This year, we celebrate to 15th anniversary of the Responsibility to Protect. Ever since the UN member states unanimously committed to protect populations from atrocity crimes at the UN World Summit in 2005, R2P has argued that while states or governments have the primary responsibility for protecting their own people from mass-atrocity crimes, the international community also has a shared responsibility to prevent and protect people from the most heinous atrocity crimes – genocide, war crimes, ethnic cleansing and crimes against humanity.
Today, when we look around the world – from Syria to Yemen, from the Central African Republic to North Korea – we are confronted with millions of ordinary people who fear for the security of their lives every day. The grim reality of today’s ongoing crises is a stark reminder of the need to redouble efforts to effectively implement the responsibility to protect. This is why it is so important that R2P is – by way of example – a standing item of every General Assembly session. And this is why we so very much welcomed the recent Human Rights Council Resolution on R2P at the 44th session, the first thematic resolution on R2P.
Over and above its sudden and massive health, economic and social impact, COVID-19 has acted as a "great accelerator" of geopolitical trends and challenges. In line with our broader ambition to ‘build back better’ towards a green, digital and resilient global recovery, we must also develop a comprehensive strategic response to the wider geopolitical trends and challenges shaping the world today. This includes the prevention of mass atrocities.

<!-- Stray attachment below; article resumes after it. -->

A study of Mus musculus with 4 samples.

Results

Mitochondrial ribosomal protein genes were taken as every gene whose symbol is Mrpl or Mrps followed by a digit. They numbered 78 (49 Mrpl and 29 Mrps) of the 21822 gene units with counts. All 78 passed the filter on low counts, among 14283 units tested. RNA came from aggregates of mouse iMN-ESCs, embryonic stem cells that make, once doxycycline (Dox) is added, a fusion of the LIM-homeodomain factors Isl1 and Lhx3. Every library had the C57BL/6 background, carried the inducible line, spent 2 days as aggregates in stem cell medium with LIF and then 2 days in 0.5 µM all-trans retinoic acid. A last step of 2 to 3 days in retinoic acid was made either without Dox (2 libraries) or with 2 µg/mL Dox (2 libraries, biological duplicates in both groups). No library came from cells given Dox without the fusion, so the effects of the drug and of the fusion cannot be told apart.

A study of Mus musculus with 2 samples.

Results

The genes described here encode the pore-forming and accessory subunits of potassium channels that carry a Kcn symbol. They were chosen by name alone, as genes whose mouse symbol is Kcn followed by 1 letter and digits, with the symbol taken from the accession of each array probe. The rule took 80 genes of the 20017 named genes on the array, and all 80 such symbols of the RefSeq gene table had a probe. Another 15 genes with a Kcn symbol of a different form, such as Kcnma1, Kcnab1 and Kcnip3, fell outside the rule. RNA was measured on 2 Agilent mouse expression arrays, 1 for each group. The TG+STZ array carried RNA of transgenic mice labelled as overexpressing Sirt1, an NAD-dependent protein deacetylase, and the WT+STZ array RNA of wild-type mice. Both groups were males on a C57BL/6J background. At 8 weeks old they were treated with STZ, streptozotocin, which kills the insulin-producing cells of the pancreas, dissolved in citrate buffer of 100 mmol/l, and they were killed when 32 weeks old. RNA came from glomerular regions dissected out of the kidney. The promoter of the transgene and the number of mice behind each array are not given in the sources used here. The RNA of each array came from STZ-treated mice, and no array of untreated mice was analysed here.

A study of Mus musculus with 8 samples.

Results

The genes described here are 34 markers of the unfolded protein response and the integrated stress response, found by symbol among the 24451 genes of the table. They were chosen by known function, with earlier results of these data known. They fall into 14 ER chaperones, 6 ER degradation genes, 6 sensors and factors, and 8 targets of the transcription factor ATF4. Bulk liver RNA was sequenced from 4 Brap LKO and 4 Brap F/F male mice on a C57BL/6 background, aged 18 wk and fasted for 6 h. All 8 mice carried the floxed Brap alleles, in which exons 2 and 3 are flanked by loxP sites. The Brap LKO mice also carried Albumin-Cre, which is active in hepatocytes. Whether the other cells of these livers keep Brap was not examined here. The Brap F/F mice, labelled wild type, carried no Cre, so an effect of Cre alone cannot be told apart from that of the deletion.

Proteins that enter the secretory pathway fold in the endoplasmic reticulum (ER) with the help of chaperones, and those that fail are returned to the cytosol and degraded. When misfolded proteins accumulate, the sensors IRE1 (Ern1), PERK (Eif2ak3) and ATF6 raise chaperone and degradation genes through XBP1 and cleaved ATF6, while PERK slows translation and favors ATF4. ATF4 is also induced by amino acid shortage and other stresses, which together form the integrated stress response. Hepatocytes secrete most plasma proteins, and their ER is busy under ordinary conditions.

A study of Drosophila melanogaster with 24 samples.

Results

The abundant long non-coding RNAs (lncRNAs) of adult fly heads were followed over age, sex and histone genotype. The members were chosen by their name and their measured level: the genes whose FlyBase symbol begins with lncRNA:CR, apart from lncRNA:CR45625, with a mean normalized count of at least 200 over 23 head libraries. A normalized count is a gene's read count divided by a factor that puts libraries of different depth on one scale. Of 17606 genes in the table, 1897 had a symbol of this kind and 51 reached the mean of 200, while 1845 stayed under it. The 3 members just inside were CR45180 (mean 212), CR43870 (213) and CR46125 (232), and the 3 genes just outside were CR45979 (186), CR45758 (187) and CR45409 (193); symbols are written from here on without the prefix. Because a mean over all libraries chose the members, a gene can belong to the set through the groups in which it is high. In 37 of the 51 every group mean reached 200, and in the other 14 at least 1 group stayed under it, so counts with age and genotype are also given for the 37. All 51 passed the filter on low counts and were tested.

As the UN Secretary-General righty points out in his latest R2P report, effective atrocity prevention requires us to take holistic action, including by strengthening gender equality as part of upstream atrocity prevention and by promoting women’s participation as a key part of fulfilling their responsibility to protect populations against atrocity crimes.
There is no doubt that advancing transitional justice can contribute to the prevention of mass atrocities and promote peace and security, in particular to transitions, conflict prevention and sustainable peace. In this regard, I welcome the efforts undertaken by Belgium and others to put transitional justice on the Security Council agenda this year.
Over the past 15 years, R2P has served as a powerful reminder that we cannot just be bystanders, when the most serious crimes are being committed before our eyes. That is why the EU and EU Member States, working together with the Group of Friends of R2P both in Geneva and in New York, will continue striving to enable effective and operational action on R2P at the UN, not least by supporting the French / Mexican initiative on veto restraint where a mass atrocity has been ascertained.
The EU, with the support of Member States, will continue to use Conflict Analysis and the EU conflict Early Warning System to identify R2P issues and work for early action. We will also continue to support the important role of the UN Special Adviser on R2P. We live in a world challenged by interconnected and compounding dangers posed by economic turmoil, social-economic inequality, gender inequality, the impacts of climate change and pandemics - all of which can contribute to the increasing possibility and severity of violent conflict and human suffering. We need to be vigilant and do all we can to prevent that conflicts driven by these factors result in mass atrocities.